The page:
One week after going on nationwide television to offer his resignation, Iranian Premier Mehdi Bazargan remains firmly attached to his office.
The numerous occasions in recent months on which Bazargan has submitted his resignation on apparently basic issues of principle without going through with it have traced a steady decline in the prime minister's power.
The coordination and effectiveness of government may have increased with the partial merger in July of the Cabinet and the Revolutionary Council, a move which followed a bitter denunciation by Bazargan of numerous rival revolutionary power centers. But his personal influence has, if anything, continued to wane.
As his speech last week acknowledged, Bazargan has been accused by influential members of the Revolutionary Council and their associates within the Cabinet of being ineffective or "insufficiently revolutionary."
"Even the television, which is run by the government, considers it its responsibility to criticize the government," Bazargan complained.
At the same time, Bazargan has distanced himself from the more revolutionary actions urged by some critics by retorting that "if revolutionary actions mean killing and suppression . . . then we are not revolutionary."
While the prime minister's resignation speeches always stir speculation about his political future, rumors that unofficial head of state Ayatollah Ruhollah Khomeini had accepted Bazargan's request to quit appear groundless.
Bazargan has continued with his public duties and appearances. Among the latest was a fact-finding visit to the western city of Mahabad, the center of Kurdish guerrilla resistance to the government until its occupation by the army earlier this week.
Whether out of faith in the qualities that led him to appoint Bazargan prime minister in the first place or for more practical considerations, Khomeini is clearly not yet ready to dispense with his services.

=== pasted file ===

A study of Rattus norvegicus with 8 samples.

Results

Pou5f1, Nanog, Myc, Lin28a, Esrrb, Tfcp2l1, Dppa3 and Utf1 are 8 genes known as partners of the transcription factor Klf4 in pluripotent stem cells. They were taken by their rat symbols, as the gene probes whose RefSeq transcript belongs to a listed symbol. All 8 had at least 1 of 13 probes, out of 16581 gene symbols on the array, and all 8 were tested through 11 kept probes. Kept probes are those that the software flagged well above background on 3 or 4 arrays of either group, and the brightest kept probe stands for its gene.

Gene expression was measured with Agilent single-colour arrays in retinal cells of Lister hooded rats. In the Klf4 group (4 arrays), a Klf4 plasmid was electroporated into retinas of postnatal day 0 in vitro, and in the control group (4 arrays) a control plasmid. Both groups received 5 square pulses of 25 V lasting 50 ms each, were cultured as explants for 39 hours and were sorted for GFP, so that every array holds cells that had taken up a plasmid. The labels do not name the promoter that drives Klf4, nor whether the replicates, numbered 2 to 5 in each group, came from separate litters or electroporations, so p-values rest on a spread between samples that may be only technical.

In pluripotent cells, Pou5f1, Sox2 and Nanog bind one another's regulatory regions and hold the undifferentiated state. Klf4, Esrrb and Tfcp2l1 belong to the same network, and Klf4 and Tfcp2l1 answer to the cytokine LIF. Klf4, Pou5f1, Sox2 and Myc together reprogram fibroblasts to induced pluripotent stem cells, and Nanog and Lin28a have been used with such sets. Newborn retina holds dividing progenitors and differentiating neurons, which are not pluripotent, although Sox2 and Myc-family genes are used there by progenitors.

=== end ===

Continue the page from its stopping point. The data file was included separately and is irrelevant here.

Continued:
Observers stress that Bazargan's government is a provisional one, and that it might not be worthwhile for Khomeini to name a new prime minister and shake up the administration with elections for a president and parliament now due in a matter of weeks.
For the same reason, few are seen as eager contenders at this stage for Bazargan's joband the somewhat diminished authority that it carries.
An additional deterrent to taking the premiership at this time, some observers say, is the political ferment which is widely expected in the next few weeks with the start of a new academic year in Iranian universities and the prospect of confrontation between radical left- and right-wing student factions.
Bazargan appears fated to stay in office. As one observer commented, "He may remain in office until the elections, but he will lose power day by day."
In the meantime, the assumption of a more direct role in government by Khomeini, already the self-proclaimed commander-in-chief of the armed forces, appears to be the natural corollary to the premier's declining powers.
There is now widespread speculation on the probability of a return to Tehran by the Ayatollah, whose base since last March has been the holy city of Qom, 90 miles south of the capital.